A majority of us think that the procedure of solid waste management involves dumping the waste in landfills or burning the solid waste in incinerators. While both of these procedures are the primary methods through which waste is managed across Australia, there are numerous other elements that make up the integrated solid waste management system. Having proper waste disposal techniques are important as these can help to reduce the volume and toxicity of the waste that is dumped. Recent developments have allowed us to adopt new methods that are selected and used according to the form, composition, and quantity of the waste that is to be disposed off.
Below we highlight some of the most effective waste disposal and management techniques.
Dumps and landfills
Landfills: This is the method that is most widely used all across the Australian mainland. These landfills are created artificially to reduce or eliminate the risks from disposal of the waste materials out in the open at public spaces. The sites are chosen careful, in a manner that allows the land features to work as a buffer between the landfill and the environment at large. Any area that would not directly or indirectly affect the environment is ideal for the development of a landfill. While the use of the landfills does not pose a threat to the public health or the environment, the cost of setting up the landfills is comparatively huge. All forms of solid waste can be disposed off in these landfills after the recyclable items have been separated for other purposes.
Nowadays, there are numerous firms all across Australia that offer to handle the entire waste disposal procedure. For example, in Canberra there are specialized organizations for skip hire Canberra and they lend skip bins to their customers and handle the waste disposal for them.
Controlled dumping: These sites are generally found in the urban areas. They resemble the landfill in that they have almost all of the same features as that of the landfills, barring one or two. Features like tenure usage, basic record keeping and waste covering are generally available for the controlled dump yards but they lack a proper engineering design, planning and operation. They are, however, useful for disposing off the waste materials when these cannot be carried to the landfills, which are usually situated in the outskirts.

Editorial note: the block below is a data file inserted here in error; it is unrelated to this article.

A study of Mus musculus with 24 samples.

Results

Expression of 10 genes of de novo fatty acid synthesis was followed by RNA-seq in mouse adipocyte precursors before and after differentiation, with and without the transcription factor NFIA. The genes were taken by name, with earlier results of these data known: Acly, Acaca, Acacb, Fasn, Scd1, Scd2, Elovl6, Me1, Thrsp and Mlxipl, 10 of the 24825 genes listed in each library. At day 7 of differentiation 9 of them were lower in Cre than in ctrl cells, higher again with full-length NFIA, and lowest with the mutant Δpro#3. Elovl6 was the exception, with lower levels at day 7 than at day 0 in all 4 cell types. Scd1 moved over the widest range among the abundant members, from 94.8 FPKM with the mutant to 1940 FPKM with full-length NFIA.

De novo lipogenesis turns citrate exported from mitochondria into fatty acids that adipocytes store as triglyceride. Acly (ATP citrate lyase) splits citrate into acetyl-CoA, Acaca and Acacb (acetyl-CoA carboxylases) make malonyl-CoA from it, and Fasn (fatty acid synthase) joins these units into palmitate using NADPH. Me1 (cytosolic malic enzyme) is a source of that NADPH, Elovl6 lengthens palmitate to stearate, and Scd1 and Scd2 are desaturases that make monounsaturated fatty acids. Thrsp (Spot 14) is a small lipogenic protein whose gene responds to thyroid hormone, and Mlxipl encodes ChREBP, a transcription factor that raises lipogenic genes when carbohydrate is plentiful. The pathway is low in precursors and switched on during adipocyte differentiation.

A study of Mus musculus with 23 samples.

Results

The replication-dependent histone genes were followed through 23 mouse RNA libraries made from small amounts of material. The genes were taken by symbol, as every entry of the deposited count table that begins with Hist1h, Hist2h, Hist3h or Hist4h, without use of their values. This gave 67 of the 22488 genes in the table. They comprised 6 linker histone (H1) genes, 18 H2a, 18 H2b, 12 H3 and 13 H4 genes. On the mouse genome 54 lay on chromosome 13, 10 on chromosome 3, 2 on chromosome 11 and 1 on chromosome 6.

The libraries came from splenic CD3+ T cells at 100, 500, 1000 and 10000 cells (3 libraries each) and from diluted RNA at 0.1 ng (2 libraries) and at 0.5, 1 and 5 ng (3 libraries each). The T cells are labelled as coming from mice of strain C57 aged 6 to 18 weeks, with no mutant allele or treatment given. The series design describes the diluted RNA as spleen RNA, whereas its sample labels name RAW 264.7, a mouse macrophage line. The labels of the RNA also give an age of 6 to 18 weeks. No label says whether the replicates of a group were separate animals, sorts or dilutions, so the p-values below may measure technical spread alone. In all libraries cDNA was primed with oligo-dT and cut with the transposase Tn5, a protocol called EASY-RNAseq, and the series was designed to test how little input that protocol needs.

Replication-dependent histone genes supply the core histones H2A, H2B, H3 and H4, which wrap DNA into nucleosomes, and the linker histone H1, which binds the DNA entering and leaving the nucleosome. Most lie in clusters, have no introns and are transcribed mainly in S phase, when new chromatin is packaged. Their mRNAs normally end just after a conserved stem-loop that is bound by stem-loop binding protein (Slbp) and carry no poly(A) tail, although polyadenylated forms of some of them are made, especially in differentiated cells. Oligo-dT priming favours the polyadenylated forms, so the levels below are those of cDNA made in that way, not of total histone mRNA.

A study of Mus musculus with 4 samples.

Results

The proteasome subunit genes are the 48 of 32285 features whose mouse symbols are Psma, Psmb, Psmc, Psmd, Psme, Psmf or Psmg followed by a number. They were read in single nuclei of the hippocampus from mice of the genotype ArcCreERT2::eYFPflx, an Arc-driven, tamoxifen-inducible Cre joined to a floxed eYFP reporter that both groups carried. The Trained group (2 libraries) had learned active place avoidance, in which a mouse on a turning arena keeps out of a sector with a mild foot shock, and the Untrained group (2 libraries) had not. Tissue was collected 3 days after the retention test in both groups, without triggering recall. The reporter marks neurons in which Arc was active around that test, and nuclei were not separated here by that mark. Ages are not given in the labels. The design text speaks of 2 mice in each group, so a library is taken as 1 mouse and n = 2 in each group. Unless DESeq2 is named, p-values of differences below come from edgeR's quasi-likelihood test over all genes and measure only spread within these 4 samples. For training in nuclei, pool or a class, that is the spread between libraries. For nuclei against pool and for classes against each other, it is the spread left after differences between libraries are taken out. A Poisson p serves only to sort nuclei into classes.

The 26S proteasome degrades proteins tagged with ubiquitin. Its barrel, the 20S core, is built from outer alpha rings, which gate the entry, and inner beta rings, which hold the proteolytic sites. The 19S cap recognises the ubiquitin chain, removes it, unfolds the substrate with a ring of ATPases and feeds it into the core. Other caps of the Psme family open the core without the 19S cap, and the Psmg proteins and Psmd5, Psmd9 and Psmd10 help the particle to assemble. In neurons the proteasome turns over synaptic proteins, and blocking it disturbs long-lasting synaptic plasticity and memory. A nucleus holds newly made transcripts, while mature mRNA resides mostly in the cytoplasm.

Bioreactor landfills: Technological research has given way to a number of new methods of waste disposal such as the bioreactor landfills. These landfills use microbiological processes to augment the waste decomposition procedure. However, there arises a need to continuously add liquid to sustain the optimal moisture for the microbial digestion. The liquid is added by re-circulating the landfill leachate. If and when the amount of leachate drops below the normal level, liquid waste such as sewage sludge is used for the procedure.
Biological waste treatment
Composting: This is a frequently used technique of waste disposal. It involves the controlled aerobic decomposition of organic waste materials by the use of small invertebrates or microorganisms. A major portion of the waste that is disposed off can be recycled to produce compost, which serves as a valuable soil conditioner. The compost is rich in nutrients and can be added as organic fertilizer for growing crops. Composting can be of different varieties such as vermin-composting, static pile composting and windrow composting.
Anaerobic digestion: This involves the use of biological processes to decompose the organic materials. While composting involves the use of air for the growth of the microbes, anaerobic digestion uses an environment that is free from oxygen and bacteria.
Incineration: This is a highly common method of waste disposal in Australia. It involves the combustion of the waste materials in the presence of oxygen. The incineration methodology is primarily used to recover energy for heating or generating electricity. There are several advantages to the incineration method such as reduction in the volume of waste generated, lesser transportation costs and decrease in the generation of greenhouse gases.
Gasification and pyrolysis: These are two similar methods that involve the decomposition of the organic waste materials by exposing them to minimal amounts of oxygen and very high temperatures. While pyrolysis does not involve the use of oxygen at all, gasification uses very low amounts of oxygen in the process. Out of the two methods, gasification is more useful since it results in the generation of energy from the burning procedure, without polluting the air in the region.
Even though a lot of waste materials are burnt in the open air, this method can be quite dangerous for the environmental health of Australia. Since the incinerators, in which the waste is burnt, lack pollution control devices, they release an array of harmful gases out into the open air, leading to worsening air quality in the process. However, despite the harmful effects of this method, it is practiced rampantly in numerous localities as it offers an easy solution to the disposal of the waste materials. This can only be stopped when there is adequate knowledge of the harmful effects of open waste burning among the local residents.
The waste problem in Australia can be tackled with the combined efforts of all the residents in the country. Each and everyone of us can contribute positively by putting greater thought into our consumption and disposal patterns. This can be done when people are educated about the harmful effects of waste mismanagement and are willing to participate in the reduction of the waste that is generated every year.